04 May Summer Co-Parenting
Summer vacation is a time for joy for kids. No school for a few months! For parents, this is a time when children can go away to camp or take a family vacation.
When you are co-parenting, summer can mean a different tune. Without the structure of school during the week, your co-parenting plans may look different. Plus, you may want to both take your kids on vacation or have plans. As summer vacation descends upon you, you may be wondering how to handle the season.
Summer vs. School Year
Summer vacation affects only the physical custody aspect of co-parenting. Physical custody is also called possession and access. In a standard possession order, each parent has designated days and weekends that they are with their children.
For the purposes of co-parenting, summer months begin the day after school ends and end seven days prior to school resuming. The major change that summer vacation brings is the possibility of extended summer possession. Depending on whether you are the custodial or non-custodial parent, extended summer possession affects you differently.
During the summer, the non-custodial parent is given 30 days of possession. This is in addition to the weekends you already have. These 30 days can be used continuously for an entire month. It can also be broken up into two separate periods. In this case, each period must be at least a week long.
As a non-custodial parent, you need to give notice when your 30 days will be. Notice must be given in April. If it is not, then possession automatically runs for the month of July.
For the custodial parent, extended summer possession translates into two weekends. One weekend is during those 30 days. In addition, you get another weekend that would usually belong to the non-custodial parent. The second weekend falls outside of the 30 days.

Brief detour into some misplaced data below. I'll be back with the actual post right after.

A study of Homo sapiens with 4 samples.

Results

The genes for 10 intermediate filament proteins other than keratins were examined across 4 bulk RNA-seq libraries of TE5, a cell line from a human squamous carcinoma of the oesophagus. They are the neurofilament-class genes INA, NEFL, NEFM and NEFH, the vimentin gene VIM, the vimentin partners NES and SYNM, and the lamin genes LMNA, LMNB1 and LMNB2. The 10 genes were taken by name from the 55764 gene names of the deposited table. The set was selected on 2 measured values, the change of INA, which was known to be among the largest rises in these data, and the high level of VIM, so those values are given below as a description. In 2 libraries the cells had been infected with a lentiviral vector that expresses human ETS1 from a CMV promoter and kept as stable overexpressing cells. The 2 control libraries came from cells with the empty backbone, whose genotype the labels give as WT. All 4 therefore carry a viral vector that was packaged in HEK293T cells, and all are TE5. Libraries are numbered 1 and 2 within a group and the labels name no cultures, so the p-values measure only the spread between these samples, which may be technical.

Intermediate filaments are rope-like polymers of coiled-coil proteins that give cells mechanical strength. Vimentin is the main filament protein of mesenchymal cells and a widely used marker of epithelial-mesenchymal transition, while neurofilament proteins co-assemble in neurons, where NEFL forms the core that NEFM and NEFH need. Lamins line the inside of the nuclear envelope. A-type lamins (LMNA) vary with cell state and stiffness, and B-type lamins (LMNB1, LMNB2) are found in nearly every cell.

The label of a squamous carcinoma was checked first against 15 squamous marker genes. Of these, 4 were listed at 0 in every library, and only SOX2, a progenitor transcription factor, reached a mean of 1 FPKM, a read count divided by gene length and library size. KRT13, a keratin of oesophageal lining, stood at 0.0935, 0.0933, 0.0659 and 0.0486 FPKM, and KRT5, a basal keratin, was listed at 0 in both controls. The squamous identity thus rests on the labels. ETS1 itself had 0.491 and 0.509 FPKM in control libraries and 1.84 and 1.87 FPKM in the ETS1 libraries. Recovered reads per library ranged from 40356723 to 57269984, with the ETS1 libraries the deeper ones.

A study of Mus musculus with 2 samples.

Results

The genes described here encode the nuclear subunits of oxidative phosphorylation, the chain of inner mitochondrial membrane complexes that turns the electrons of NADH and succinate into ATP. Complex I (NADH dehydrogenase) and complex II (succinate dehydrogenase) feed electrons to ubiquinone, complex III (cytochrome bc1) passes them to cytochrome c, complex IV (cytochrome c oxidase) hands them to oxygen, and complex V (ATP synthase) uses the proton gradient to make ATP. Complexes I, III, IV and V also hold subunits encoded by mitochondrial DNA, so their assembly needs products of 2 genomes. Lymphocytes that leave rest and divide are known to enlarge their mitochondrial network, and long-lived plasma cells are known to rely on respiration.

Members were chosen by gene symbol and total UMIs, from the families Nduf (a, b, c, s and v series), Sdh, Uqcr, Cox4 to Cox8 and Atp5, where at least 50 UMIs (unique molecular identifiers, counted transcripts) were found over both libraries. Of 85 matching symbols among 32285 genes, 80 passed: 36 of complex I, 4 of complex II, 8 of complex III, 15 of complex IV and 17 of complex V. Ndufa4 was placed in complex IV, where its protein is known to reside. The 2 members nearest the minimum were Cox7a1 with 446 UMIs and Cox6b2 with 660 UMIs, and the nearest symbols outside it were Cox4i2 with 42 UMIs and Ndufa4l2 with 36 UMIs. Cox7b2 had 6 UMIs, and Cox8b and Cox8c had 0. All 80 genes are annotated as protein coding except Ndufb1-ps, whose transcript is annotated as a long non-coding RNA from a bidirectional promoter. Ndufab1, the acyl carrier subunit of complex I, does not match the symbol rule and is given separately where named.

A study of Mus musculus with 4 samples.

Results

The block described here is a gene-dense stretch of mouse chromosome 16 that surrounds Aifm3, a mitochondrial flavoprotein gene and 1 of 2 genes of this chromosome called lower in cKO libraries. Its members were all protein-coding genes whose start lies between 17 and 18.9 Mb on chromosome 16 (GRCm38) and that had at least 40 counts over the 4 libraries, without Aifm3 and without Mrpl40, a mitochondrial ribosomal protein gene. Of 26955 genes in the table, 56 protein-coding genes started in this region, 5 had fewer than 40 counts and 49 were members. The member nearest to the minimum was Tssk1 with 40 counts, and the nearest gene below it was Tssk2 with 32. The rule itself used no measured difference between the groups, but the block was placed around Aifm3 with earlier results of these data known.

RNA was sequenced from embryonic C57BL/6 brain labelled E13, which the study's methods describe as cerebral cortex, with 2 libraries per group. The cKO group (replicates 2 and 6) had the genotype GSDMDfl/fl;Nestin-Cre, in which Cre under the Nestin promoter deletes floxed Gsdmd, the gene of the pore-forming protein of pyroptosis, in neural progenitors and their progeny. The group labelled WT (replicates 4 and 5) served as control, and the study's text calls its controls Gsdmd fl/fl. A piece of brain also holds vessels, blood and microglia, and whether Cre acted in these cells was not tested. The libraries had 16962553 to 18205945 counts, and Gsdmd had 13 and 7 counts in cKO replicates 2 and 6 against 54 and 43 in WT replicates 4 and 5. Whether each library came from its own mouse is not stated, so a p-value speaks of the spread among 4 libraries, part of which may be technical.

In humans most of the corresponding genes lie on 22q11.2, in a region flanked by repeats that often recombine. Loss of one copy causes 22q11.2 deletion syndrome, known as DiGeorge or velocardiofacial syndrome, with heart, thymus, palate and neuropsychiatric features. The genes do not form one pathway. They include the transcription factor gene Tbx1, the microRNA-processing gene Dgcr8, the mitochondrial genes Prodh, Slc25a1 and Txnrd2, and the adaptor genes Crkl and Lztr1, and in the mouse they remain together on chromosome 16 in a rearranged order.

As a custodial parent, you must also give notice in April for when these possession weekends will take place. If you do not, then the summer weekend possession gets waived.
Expanded Standard Possession Order
If the two parents live over 100 miles apart, the possession order can get expanded. For the non-custodial parent, the 30 days gets bumped up to 42 days. All other rules apply. If no notice is given in April to the specific dates, it will automatically begin June 15th and run through July 27th.
In an expanded order, the custodial parent can choose two nonconsecutive weekends within the 42 days to take possession. All other rules apply, including waiver if notice is not given.
An important note to make is that regardless of the summer order schedule, the father has the right to be with their children on Father’s Day Weekend.
How an Attorney Can Help
The language around extended summer possession can seem intimidating. Whether you are the custodial or non-custodial parent, you want to make sure notice is given correctly. This way, you can make plans with your children ahead of time, whether it involves summer activities or a family vacation.
An attorney will make sure that notice is given correctly outlining your asks during summer vacation. They will make sure the only thing you need to worry about is planning your summer with your children. If you are co-parenting and need to give notice for summer visitation, contact Navarette Bowen P.C. We are a family law firm that has a team of custody lawyers that can assist. Our main office is located in downtown Denton. Contact us today to schedule a consultation.